The Catholic Bishops in Zimbabwe had a letter read out in all churches last week condemning the oppression of the Mugabe regieme. In addition, Pope Benedict singled out Zimbabwe in his Easter sermon.
The flash point of change was the beating and arrest of those at the prayer rally last week. Since then, the photographer who took the dramatic photos of a beaten Morgan Tsvangirai at a prayer meetitng last week.
Alas, since then, opposition leaders have been rearrested, although a few have been released on bail thanks to courageous judges.
A general strike called by the Trade Unions was not a success.
But the really bad news is that Mugabe continues to be supported by Mbeki and other leaders of neighboring African countries.
Who then will protest the oppression of the poor?
According to the UKIndependent, the actions of the Catholic bishops is aiming to promote peaceful governmental change in the spirit of the People Power Revolution (AKA The EDSA revolution) which deposed Marcos here in the Philippines.
Well, there are a few differences and similarities between these two cultures and I am not encouraged. Pinoys are more open in expressing anger than the Mashona for one, although as the proverb reminds us: Even a small snake has a tooth.
So here are some observations and comparisons between the two countries:
One: Filipinos have a indentification with Christ crucified, and the willingness to die for their faith and for freedom. Few people except Pinoys remember that 600 000 Filipinos died trying to stop the US from taking over from the Spanish in 1899, or that 30,000 Filipinos died in the Bataan death march.
Zim has a history of the Ndebele and Mashona uniting to revolt against the early white settlers, and then later their own revolution that put in Mugabe. The spirit of freedom is strongest among the educated, but many have fled to other countries to find jobs, or were dispersed by “operation cleanup” into the countryside.
Two: Ninoy Acquino was jailed, and then released, but returned even though he knew he might be killed. Much of his “spiritual” power was like Mandella, his transformation in jail from a playboy to a leader.
Tsvangarai’s beating makes him a possible leader in this way. Will he stand up as a leader of courage? Some thing so.
Three: Thanks to pressure from President Reagan, Marcos allowed free elections. Filipinos were willing to vote against Marcos, and those counting the votes got word out they were threatened when they counted these votes.
But in Zim, famine and food shortages allowthe government to stop food aid to areas that vote against Mugabe.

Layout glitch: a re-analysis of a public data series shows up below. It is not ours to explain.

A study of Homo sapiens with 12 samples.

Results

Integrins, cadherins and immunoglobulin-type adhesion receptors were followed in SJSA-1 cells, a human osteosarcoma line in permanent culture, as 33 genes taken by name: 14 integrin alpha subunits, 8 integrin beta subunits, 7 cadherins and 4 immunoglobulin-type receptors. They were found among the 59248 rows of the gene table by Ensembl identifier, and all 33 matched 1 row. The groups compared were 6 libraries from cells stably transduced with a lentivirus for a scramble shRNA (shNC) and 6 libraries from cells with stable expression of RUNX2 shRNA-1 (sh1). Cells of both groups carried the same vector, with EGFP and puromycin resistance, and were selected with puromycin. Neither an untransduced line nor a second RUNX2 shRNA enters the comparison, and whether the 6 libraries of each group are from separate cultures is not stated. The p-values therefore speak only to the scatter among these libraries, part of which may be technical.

Four: The Army backed Cory when she was elected. The “EDSA” revolution was when a million mostly Catholic Filipinos came out singing hymns led by Cardinal Sin and a statue of the Virgin of Fatima. Why “EDSA” (a major street)? Because that’s where the main Army base is located, and General Ramos (a protestant) courageously decided to back Cory. When Marcos, who lost control of his Manila based Army, brought in soldiers from his own province up north. And the crowds blocked the street, led by Cardinal Sin and a statue of the Virgin of Fatima. Then a miracle occured: when ordered to shoot the crowds, the soldiers refused. They claim the Virgin Mary appeared and ordered them not to shoot my people”.
In Zimbabwe, would the Army or Police refuse to beat peaceful demonstrators, or back the opposition? But the presence of youth gangs and rumors of drug induced violence against political opponents is a wild card. People in Zimbabwe fear witchcraft, even when they don’t really believe in it.
I suspect much of the fear of Mugabe is due to witchcraft, but that is rarely spoken about by Zimbabwean opposition leaders, who rightly know that such claims would be seen as fantasy in the Western press. However, in the Pentecostal type religion of Africa, the day of prayer and fasting is well know to counteract the demonic, and the combination of spiritual leaders and invoking the deity is a powerful weapon against evil.
Yes, I know, pooh pooh on talk of demonic and spirtual warfare, after all, how many armies have the Pope? as Stalin asked. But when a million Poles can bring down the Iron curtain, maybe it should not be discounted here.
Five: In the Philippines, Marcos was a good friend of then President Reagan. Marcos expected Reagan to continue his backing in the election because of his history of Anti communism. However, when a democratic alternative presented itself with Cory and mass demonstrations, Reagan pulled the plug on Marcos, and he had to leave.
Again, in Zimbabwe, the “kingmaker” will not have to be Mbeki of South Africa. Without backing of Mbeki, no “perople power” revolution will succeed.
Nancy Reyes is aÂ retired physician living in the rural Philippines. She blogs on Zimbabwe at MugabeMakaipa Blogspot.